MMDA: No need for traffic czar

Ghio Ong - The Philippine Star
MMDA: No need for traffic czar
Motorists experience heavy traffic at Kamuning Flyover along EDSA on December 6, 2023.
STAR / Michael Varcas

MANILA, Philippines — There is no need for the government to appoint a “traffic czar” for Metro Manila even after the metropolis was cited as the world’s most traffic-congested metro area in 2023, an official said yesterday.

“I think there is no need to do that,” Metropolitan Manila Development Authority (MMDA) general manager Procopio Lipana said when asked about the need for the position during an interview aired over dwPM Radyo 630.

He added that local and foreign entities such as the Japan International Cooperation Agency, the University of the Philippines and the Department of Transportation have been helping the government assess road traffic conditions in Metro Manila.

The TomTom Traffic Index 2023 reported that out of 387 mega cities in 55 countries, Metro Manila had the slowest traffic flow in the world, with  25 minutes and 30 seconds spent for every 10 kilometers of road traveled.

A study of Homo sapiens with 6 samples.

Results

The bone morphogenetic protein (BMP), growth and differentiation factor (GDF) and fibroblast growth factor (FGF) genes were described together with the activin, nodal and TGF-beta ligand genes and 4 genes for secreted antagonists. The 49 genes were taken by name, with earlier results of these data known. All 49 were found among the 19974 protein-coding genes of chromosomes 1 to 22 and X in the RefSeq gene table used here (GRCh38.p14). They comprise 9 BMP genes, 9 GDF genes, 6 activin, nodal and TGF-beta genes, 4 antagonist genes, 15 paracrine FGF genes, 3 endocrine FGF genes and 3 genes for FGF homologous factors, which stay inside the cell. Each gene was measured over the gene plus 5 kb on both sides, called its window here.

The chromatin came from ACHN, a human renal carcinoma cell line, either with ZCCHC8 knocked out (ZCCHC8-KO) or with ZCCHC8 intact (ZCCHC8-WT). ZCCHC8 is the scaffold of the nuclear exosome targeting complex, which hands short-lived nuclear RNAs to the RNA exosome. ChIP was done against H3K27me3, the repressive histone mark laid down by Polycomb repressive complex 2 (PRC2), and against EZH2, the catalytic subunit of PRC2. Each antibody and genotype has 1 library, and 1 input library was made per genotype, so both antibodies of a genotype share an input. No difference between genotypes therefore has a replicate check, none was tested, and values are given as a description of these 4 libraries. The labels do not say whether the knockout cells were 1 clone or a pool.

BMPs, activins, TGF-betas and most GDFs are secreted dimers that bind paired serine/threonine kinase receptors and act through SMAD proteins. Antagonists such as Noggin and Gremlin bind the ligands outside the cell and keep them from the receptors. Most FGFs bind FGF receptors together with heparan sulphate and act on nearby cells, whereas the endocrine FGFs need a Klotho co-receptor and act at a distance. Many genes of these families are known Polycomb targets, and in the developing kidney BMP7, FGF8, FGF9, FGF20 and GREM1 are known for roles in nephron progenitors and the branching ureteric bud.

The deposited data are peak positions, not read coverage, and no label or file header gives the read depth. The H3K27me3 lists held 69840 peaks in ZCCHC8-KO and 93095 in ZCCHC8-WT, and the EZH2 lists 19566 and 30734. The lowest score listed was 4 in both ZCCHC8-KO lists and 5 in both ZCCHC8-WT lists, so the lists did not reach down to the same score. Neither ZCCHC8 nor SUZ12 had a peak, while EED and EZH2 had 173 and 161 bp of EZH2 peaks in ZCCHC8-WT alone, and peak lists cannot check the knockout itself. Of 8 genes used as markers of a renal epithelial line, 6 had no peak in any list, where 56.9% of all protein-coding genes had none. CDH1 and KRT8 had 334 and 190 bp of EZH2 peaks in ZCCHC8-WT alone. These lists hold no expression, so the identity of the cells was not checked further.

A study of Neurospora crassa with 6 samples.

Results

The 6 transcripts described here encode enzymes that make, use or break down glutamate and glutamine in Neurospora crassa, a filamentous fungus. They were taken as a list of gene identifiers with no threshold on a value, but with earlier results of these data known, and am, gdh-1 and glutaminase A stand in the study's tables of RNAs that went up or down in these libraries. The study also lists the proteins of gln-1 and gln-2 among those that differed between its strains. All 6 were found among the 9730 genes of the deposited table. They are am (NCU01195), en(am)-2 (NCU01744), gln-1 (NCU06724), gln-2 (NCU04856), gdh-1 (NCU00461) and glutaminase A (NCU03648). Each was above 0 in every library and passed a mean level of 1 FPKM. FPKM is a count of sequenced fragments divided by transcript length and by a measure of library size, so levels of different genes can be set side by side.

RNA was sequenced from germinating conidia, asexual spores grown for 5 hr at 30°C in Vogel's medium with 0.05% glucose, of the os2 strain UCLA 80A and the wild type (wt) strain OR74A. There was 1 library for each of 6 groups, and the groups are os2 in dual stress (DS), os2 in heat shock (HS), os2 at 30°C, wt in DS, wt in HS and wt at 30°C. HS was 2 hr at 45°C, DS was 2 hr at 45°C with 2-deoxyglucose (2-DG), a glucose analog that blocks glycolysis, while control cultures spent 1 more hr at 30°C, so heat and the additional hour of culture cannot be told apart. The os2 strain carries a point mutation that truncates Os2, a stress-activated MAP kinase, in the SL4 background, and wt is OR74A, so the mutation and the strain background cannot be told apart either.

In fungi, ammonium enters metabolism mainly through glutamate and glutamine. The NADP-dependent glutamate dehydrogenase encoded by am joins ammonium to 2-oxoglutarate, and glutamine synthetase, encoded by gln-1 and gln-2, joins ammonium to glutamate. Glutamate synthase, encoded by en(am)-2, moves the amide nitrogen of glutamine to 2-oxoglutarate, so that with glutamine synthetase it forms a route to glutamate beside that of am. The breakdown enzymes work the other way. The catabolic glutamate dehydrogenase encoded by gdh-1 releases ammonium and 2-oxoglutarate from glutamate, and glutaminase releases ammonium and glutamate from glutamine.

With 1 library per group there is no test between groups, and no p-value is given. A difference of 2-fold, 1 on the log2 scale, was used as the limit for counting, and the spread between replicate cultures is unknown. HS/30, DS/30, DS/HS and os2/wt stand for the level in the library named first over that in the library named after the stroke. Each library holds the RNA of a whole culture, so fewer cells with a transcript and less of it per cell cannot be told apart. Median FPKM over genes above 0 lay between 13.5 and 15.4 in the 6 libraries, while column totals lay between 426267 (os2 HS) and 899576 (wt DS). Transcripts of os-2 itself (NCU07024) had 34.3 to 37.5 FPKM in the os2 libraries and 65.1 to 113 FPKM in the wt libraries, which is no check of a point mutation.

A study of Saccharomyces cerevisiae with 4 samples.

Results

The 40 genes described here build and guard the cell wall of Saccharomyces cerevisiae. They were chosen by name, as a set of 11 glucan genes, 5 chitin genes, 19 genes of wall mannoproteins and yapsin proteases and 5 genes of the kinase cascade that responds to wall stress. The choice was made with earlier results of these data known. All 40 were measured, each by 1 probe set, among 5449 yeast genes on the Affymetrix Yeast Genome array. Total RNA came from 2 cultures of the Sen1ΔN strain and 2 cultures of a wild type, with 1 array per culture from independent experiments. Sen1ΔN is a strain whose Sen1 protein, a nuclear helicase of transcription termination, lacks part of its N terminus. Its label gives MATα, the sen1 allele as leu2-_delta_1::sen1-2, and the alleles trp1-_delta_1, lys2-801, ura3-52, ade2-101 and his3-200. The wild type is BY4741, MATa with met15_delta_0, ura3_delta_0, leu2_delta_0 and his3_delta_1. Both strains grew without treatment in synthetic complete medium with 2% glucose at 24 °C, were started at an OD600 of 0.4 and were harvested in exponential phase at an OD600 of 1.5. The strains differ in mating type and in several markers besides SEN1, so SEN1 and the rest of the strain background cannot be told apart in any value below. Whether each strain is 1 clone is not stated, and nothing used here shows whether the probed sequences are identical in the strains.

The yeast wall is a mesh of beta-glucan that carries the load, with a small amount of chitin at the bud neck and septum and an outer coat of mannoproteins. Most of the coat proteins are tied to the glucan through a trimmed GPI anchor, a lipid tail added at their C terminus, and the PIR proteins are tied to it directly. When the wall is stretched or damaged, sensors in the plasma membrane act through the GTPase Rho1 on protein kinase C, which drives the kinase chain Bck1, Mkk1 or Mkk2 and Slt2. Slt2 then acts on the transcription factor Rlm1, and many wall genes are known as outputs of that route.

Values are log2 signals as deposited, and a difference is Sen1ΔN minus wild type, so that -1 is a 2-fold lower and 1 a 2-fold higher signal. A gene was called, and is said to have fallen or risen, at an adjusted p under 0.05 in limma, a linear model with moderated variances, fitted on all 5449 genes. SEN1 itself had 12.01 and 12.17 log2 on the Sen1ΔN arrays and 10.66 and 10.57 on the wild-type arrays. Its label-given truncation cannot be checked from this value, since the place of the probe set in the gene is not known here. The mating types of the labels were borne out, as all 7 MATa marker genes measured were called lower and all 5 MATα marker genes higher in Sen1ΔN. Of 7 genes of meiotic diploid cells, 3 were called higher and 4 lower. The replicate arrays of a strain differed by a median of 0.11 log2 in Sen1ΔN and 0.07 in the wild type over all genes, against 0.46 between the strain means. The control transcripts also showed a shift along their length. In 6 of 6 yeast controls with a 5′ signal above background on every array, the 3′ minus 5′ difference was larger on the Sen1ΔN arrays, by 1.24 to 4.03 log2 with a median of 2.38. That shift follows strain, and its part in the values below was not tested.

Lipana made the pronouncement following an appeal from the Management Association of the Philippines (MAP) urging the government to declare a “traffic crisis” and appoint a “traffic czar.”

Metro Manila should be divided into “four traffic management zones,” wherein traffic managers would report to the “traffic czar,” the MAP proposed.

The group also recommended the government’s prioritization of mass transport; limiting left turns, U-turns and intersections; and reviving “mabuhay” lanes or alternative routes motorists may take if major roads are congested.

More infra vs traffic jams

Lipana appealed for patience from motorists as he said the government continues to build infrastructure that would lessen the congestion of roads in Metro Manila.

The traffic jams in the metropolis, especially during rush hour, could be blamed on the lack of road networks and the heavy volume of vehicles using major roads, according to Lipana.

He said the government is building “massive infrastructure projects” such as the Skyway, the subway, and a rail system that includes the Metro Rail Transit Line 7, “which is nearly complete.”

Lipana said the government is “aggressive” in fixing current road networks, including managing the flow of traffic along alternate routes.

He also hoped the suspension of the controversial no-contact apprehension policy (NCAP), which uses cameras installed along major roads to catch traffic rule violators, would be lifted.

“Other countries are turning to intelligent traffic systems. Unfortunately, we can’t maximize the ITS because NCAP is suspended,” Lipana said.